Taliban militants raided a guesthouse used by foreigners in Kabul on Saturday after besieging an army base in the south in an escalating campaign of violence as NATO troops withdraw from Afghanistan.
At least five Afghan soldiers were killed and nine injured in the attack on the army base in Helmand province, which began Thursday evening when dozens of Taliban-allied fighters, including suicide bombers, stormed the compound. The base, formerly known as Camp Bastion, was used by British forces and U.S. Marines before it was handed over to Afghan control last month.
Provincial officials in Helmand said 20 Taliban fighters were killed in the attack, including six suicide bombers who detonated their explosives in order to gain entrance to the facility.
Then, Saturday afternoon, Taliban militants engaged in a nearly four-hour gun battle with security forces at a building in western Kabul housing members of a foreign organization that Afghan officials did not name. Two staff members, including one foreigner, were killed and six others were trapped inside the compound but later rescued, said Gen. Ayoub Salangi, the deputy interior minister.
The Taliban in a statement claimed the attack began with a car bomb and that the building was used by Christian missionaries who were attempting to convert Afghans. Earlier this year, the group attacked another compound in the same neighborhood that it said was being used by missionaries, but turned out to be a guesthouse for the American relief organization Roots of Peace.
Three Taliban militants were killed in the attack. Some people inside the compound were wounded and were being treated at nearby hospitals, according to Kabul police officials, who said some of those rescued were children.
The attacks were a latest in a string of suicide bombings and major violence throughout Afghanistan in recent weeks. Analysts say the Taliban, who have claimed responsibility for many of the assaults, are mounting a challenge to the new government of President Ashraf Ghani, which has signed security agreements with the United States and NATO to keep about 12,000 foreign troops in Afghanistan after December, when international combat troops complete their withdrawal.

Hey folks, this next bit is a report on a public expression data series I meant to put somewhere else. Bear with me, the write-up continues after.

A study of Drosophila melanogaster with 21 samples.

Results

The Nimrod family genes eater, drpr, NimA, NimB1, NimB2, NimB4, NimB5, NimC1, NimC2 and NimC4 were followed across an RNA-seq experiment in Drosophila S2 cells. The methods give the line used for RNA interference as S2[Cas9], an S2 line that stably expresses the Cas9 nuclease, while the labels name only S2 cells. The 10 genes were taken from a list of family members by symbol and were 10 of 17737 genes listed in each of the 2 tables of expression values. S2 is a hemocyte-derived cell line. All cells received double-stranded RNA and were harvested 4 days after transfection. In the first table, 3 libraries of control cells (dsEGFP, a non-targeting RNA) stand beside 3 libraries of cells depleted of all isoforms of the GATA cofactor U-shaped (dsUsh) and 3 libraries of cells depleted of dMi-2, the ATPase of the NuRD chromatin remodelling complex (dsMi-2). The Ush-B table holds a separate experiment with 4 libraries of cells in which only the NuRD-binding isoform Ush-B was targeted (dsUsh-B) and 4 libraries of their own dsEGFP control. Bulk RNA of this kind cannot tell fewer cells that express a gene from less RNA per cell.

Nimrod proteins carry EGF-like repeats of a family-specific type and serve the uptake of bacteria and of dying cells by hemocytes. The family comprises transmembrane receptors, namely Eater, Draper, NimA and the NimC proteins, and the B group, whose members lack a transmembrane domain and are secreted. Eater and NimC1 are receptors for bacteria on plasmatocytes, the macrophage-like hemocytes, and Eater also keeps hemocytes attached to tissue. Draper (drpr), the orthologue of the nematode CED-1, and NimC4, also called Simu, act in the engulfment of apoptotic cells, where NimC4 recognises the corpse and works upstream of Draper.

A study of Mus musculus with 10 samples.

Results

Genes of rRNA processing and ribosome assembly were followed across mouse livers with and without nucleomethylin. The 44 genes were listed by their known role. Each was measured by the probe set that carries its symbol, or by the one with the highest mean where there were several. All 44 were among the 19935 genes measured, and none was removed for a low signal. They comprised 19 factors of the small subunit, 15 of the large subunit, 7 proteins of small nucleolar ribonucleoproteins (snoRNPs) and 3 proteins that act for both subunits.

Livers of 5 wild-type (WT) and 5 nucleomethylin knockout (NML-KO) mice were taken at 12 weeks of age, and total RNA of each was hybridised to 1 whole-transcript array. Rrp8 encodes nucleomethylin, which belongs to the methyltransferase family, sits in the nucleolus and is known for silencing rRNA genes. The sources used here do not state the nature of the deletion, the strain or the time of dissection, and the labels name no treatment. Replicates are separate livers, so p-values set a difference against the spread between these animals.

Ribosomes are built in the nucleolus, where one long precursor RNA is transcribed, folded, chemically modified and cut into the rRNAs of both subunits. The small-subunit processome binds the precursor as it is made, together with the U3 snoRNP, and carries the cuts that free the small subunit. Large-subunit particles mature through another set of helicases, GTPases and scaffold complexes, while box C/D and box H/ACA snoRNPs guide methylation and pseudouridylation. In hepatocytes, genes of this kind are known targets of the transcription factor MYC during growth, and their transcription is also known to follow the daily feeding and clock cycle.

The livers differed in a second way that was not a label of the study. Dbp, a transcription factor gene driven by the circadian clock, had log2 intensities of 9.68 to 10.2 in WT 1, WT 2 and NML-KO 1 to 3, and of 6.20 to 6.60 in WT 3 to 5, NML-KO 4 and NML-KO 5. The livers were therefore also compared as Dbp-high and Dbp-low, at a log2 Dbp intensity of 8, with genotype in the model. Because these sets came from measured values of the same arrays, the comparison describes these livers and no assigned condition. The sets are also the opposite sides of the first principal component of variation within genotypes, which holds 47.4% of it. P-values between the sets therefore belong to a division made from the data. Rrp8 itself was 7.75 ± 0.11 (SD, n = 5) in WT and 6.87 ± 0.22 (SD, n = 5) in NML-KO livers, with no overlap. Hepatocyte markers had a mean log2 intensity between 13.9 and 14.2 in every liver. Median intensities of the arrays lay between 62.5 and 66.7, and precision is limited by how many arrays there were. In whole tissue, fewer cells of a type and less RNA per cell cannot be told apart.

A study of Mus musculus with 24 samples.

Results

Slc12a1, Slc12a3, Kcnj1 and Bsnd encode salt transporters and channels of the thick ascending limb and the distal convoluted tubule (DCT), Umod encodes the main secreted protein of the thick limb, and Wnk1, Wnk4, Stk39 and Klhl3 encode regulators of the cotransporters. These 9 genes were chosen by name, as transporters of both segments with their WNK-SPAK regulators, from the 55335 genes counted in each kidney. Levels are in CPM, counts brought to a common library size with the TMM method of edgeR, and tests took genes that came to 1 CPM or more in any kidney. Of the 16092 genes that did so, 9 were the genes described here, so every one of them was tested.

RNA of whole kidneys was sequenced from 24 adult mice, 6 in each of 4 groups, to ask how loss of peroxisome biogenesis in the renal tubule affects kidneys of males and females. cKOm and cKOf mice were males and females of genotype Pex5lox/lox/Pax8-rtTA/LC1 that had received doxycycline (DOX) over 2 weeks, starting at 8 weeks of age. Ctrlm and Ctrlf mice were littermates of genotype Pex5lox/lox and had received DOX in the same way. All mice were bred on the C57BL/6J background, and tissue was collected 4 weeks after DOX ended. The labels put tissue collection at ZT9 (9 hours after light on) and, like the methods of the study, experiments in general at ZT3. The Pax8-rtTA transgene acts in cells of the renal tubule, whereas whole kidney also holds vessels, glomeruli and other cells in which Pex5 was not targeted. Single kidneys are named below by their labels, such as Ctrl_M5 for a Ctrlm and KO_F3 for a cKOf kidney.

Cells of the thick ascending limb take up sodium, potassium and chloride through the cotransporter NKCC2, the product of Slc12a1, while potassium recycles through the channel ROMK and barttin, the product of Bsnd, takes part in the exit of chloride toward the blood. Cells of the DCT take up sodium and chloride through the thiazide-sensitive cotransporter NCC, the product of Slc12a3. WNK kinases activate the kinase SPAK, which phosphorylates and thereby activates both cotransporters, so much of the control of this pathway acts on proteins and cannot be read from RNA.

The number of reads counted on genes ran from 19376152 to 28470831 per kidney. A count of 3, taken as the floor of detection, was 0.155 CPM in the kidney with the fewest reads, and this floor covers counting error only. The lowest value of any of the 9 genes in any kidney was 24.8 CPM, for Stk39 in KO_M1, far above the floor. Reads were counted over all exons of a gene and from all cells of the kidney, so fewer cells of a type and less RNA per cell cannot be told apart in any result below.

The attacks have included a bombing at a mosque in eastern Afghanistan during prayers on Friday that injured at least 31 worshipers, including the mullah leading leading the service, and an explosion that targeted a British Embassy vehicle in Kabul and killed six people, including a British security contractor.
The uptick in violence is one of the longest and deadliest in recent months and comes just days before a conference in London at which the United States and other Western countries were hoping to mark the end of the NATO combat mission and give their backing to Ghani’s government.
Residents of Nangarhar province, site of the mosque bombing, said security has deteriorated since Ghani took office two months ago following a disputed election. No group has claimed responsibility for the attack, although suspicion immediately fell on the Taliban and allied militant groups.
“It seems like the Taliban are out to show their strength to the new administration,” said Abdul-Rahim Saraf, a 40-year-old resident of the province’s Khogyani district, a longtime Taliban stronghold. “We have always had security issues here, but never have we seen something like this, where a mosque is targeted, especially during Friday prayers.”
The Taliban have vocally opposed the security agreements with the United States and NATO, calling them an affront to the “dignity, honor, Islamic values and the uncompromising spirit of freedom” of Afghanistan. The Afghan parliament last week ratified the accords, which provide for continued security cooperation between the United States and Afghanistan and could pave the way for a resumption of joint U.S.-Afghan nighttime raids against Taliban suspects, a controversial practice that former President Hamid Karzai halted because of allegations of civilian casualties.
Saraf said he, like many residents of Khogyani, opposed the security agreements, which he maintained would only lead to further violence.
“The foreigners have been here for the last 13 years and nothing has changed,” he said. “Khogyani is still unsafe and our lives are no better, so I don’t see what the reason for signing it was.”
Special correspondent Latifi reported from Kabul and staff writer Bengali from Mumbai, India.